As an avid reader you get to experience a plethora of stories – get a feel for what is engaging and memorable, and what isn’t so much. Also having a literary degree under your belt also helps provide the tools to identify concepts to critique and improve your writing.
I’m primarily focusing on long-form fiction writing, novels that I like to read for this discussion, though the concepts can be loosely applied to many other forms of writing.
To help add complexity and depth to your narrative does not always mean throwing in a bunch of action scenes and having break-neck pacing. There are many novels that are quietly resounding – and those types of stories usually depict the use of subtext and theme more clearly.
Subtext is the goings-on between characters that is not said aloud in dialogue. Emotional energy. Motivations. This can be illustrated in symbolism, description of facial expressions and actions contra to the meaning of the dialogue, narrative tone, inner dialogue, things that are hinted at but not totally explained. It’s up to the reader to draw a line between all the dots to bring about a twist on the meaning. We usually see this in conflicted characters and/or motivations. The best way to convey this type of writing tool is by creating complex characters from the outset and planning out when to reveal certain aspects through interaction throughout the story or scene. Slowly revealing underlying motives of the character. It shows growth and development, hidden depth and complexity, and can lead to a transformative plot point later in the story.
On a lighter side it can add that little something extra to your narrative that is superfluous to the plot by adding some levity, interest, or tension.
Further to this concept, symbolism can be even more powerful. An object, thing, idea, quote, that captures the hero’s quest, transformation or state of being, can help the reader identify a deeper meaning hidden in your narrative. You can also use this kind of tool to substitute for controversial or difficult topics you many not wish to spell out directly in your narrative; or work around to keep your novel in a certain genre and demographic. For instance, dealing with death or child abuse in a middle grade novel: using symbolism to convey meaning without actually writing disturbing scenes is a great tool.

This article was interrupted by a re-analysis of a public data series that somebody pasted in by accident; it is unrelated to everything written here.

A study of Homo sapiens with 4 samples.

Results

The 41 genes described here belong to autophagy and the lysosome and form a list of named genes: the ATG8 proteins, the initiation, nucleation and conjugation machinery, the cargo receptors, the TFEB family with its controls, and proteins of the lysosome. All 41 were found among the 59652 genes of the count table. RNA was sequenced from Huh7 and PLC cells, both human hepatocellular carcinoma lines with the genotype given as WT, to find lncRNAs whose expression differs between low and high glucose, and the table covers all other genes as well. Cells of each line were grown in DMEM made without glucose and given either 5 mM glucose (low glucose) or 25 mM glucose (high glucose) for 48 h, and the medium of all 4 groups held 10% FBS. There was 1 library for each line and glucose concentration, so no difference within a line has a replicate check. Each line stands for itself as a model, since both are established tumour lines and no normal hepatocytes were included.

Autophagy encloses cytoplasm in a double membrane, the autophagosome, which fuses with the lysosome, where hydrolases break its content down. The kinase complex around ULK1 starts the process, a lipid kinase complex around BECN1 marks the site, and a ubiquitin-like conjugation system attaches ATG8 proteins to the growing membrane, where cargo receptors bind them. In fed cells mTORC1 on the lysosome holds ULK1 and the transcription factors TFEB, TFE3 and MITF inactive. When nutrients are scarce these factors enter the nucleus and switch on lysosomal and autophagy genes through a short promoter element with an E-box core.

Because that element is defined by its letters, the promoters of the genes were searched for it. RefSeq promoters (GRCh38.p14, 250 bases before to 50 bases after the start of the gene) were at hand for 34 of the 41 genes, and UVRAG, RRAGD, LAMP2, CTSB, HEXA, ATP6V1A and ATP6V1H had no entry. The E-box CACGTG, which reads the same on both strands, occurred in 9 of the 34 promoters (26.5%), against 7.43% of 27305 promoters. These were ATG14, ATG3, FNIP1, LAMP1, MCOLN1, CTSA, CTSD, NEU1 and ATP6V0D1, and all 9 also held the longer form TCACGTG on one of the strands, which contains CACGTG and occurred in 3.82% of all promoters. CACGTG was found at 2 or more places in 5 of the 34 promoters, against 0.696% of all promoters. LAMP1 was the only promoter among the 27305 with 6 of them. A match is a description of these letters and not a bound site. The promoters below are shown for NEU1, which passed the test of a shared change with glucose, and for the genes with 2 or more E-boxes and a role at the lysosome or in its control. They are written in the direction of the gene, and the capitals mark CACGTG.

Symbolism is usually strongly connected to the core theme of your story.
Having a theme for your novel is important to keep your narrative focused and on track. No meandering plots. A reader will lose interest if you are continually shooting off in tangents. Most of the time readers are in for a hero’s journey, overcoming seemingly insurmountable odds, an inner spiritual journey, or finding strength… there has to be an end goal. And the theme will reflect the tone of the novel, the path from the start to the end. For instance, revenge, growth, love. You will need to tie into this theme at the beginning, at a turning point in your story and again at the conclusion for it to work.
And there’s no rule to say you can’t have more than one theme – but don’t over complicate you novel.
I also find it handy to apply these concepts and tools to each character. Not only does this help to create a fully realised cast, but it also allows you to identify superfluous characters. That way you can cut them from the story to keep up the tension and pace.
The best idea is to start using these tools and concepts at the planning stage, but there is no reason why you can’t introduce them after a first draft to elevate the professional edge of your writing. We all have a different creative process, so it all depends on how you like to write.
But these are just some points to initiate a discussion, or things to think about when you cast a critical eye over your own writing. The more we can help each other produce amazing novels, the more enriched our literary landscape with be.